The new year might be time for a new job or a first job in church communication. Our new series focuses on that journey—landing a job. We’ll talk about the process of finding work in a church, what to expect and more. Today we’ll learn how to prepare for an interview.
I have a career opportunity. Now what?
I was 16 when I wanted my first job. I browsed our newspaper, found a good job and applied. A week later, the owner asked me to come to an interview. I was hired on the spot. The owner said I was the only teen who showed up in khakis, shirt and a tie.
After I graduated from college, I applied at several ad agencies. I interviewed at only one. I got the job, because I wore a suit and tie.
Times have changed though. It’s not as simple as dressing up anymore. Through the years I’ve hired many and I realize the choices the applicants make decide the outcome of the process.
Here are the 7 things I’ve learned from hiring in the church communication industry:
What are you known for? Have you been preparing for this position for a long time? Would anyone know it from your courses, your volunteer positions, your social media accounts (yes, they’ll look)? Churches want serious, committed employees. Be sure to research the church too! Find something they’ve done that excites you.
When a church (or any organization for that matter) reaches the point they need to hire someone, it’s usually for a clear reason. Try to determine what their “pain” is that caused them to look for someone. Is it “new ideas” or “overwhelmed with the workload” or “new skills,” etc.? Identify the problem; present yourself as the solution.
Keep it short with clean design. Demonstrate your preparation to get this job. Briefly describe how you added success to your previous positions. No long paragraphs. Write a short, specific-to-the-job cover letter that communicates how you are their solution.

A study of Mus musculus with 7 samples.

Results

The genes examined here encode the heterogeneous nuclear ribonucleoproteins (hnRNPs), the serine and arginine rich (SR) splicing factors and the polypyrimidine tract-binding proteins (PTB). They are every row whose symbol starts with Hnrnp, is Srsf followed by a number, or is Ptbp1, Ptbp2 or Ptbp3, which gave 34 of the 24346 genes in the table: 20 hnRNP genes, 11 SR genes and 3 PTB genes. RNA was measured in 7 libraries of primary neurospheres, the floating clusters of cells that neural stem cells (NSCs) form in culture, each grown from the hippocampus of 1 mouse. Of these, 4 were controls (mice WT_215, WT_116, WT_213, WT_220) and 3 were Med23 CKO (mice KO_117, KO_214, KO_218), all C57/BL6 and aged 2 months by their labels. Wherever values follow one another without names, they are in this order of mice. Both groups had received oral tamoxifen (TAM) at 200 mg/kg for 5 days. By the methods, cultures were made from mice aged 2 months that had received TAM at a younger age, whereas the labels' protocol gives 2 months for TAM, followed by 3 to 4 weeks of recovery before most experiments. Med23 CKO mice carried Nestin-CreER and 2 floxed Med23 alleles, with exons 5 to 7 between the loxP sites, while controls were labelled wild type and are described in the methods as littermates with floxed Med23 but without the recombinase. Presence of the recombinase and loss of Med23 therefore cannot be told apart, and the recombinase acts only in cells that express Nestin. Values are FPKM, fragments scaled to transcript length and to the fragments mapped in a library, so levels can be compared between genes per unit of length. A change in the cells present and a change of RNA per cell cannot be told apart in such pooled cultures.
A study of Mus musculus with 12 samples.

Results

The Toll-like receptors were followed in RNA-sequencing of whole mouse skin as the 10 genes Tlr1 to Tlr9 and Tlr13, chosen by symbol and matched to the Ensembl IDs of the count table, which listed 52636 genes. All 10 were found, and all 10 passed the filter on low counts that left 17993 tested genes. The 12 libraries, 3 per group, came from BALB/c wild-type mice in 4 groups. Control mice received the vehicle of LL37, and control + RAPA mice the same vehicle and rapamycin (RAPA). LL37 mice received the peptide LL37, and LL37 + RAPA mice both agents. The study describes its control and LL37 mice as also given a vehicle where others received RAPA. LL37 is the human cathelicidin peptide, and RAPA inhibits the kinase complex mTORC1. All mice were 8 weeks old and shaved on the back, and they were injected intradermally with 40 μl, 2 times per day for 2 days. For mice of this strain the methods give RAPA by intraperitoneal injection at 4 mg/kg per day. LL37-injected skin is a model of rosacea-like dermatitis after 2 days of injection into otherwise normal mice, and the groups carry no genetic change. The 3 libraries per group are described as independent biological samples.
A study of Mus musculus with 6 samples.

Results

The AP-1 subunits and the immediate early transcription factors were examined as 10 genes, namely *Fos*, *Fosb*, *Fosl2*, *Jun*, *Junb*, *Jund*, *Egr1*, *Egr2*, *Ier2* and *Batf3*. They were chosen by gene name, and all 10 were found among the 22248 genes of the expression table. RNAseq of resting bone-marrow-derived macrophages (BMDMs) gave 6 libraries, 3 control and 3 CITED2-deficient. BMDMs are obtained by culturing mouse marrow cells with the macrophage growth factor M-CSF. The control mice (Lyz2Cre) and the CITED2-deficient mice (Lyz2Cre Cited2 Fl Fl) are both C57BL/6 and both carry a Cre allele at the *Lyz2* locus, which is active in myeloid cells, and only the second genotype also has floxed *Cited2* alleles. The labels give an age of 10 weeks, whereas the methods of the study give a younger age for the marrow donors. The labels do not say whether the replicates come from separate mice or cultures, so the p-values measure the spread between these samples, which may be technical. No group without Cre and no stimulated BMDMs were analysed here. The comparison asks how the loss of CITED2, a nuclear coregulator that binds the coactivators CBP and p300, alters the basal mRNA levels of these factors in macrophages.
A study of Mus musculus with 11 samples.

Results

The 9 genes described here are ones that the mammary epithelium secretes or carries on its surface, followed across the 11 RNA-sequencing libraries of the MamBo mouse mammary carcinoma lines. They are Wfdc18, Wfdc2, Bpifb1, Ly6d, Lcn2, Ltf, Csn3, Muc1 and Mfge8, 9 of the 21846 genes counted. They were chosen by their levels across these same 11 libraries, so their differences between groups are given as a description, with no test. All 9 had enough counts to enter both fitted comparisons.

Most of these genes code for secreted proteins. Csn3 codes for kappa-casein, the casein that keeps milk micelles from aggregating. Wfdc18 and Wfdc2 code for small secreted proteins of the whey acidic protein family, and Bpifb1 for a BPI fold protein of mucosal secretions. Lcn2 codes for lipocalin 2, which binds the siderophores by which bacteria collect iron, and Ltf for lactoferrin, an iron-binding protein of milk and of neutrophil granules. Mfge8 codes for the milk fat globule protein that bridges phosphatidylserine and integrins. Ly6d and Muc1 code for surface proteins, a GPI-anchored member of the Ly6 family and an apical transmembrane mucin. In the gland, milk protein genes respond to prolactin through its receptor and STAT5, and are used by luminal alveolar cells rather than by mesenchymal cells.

Dress for the position, then change into something a bit dressier. Try to find out what the staff typically wears and realize most will dress up a bit to interview. From my experience, it’s usually better to stand out with an upscale, professional look. Find out who will be doing the interview. Attend the church at least once if possible.
5. Be a Solution
You’ll be nervous but shake hands and thank them for this opportunity confidently. Be natural. Never sit until the interviewer does. Listen. Identify what the interviewer is looking for in the position. Listen for their “pain.” Don’t over talk. Ask questions. Listen to the answers. Part of selling yourself is knowing what to sell. Sell why you’re the best solution. No church wants a problem identifier or problem pointer-outer; they want a problem solver. Watch for clues that the interviewer has stopped listening.
6. Ask for the Job
Every politician knows they must ask for the vote. Almost no job applicant asks for the job. End your interview with “Thank you for your time. I want to be [your solution] and learn from others on the team. This job is a great fit for me. I’d love to work here.” Ask when the decision will be made. Before leaving, hand something to the interviewer. Something that will make you remembered. A postcard with your contact information and a thank you perhaps. Be creative.
7. Follow Up
Within 24 hours send an email thanking them for their time and reiterate how you’re their solution (be specific). Keep it short. Wait a week and then follow up with another email stating that you’re still interested and you were wondering if there’s more information needed from you. Don’t be pushy or expect to hear back.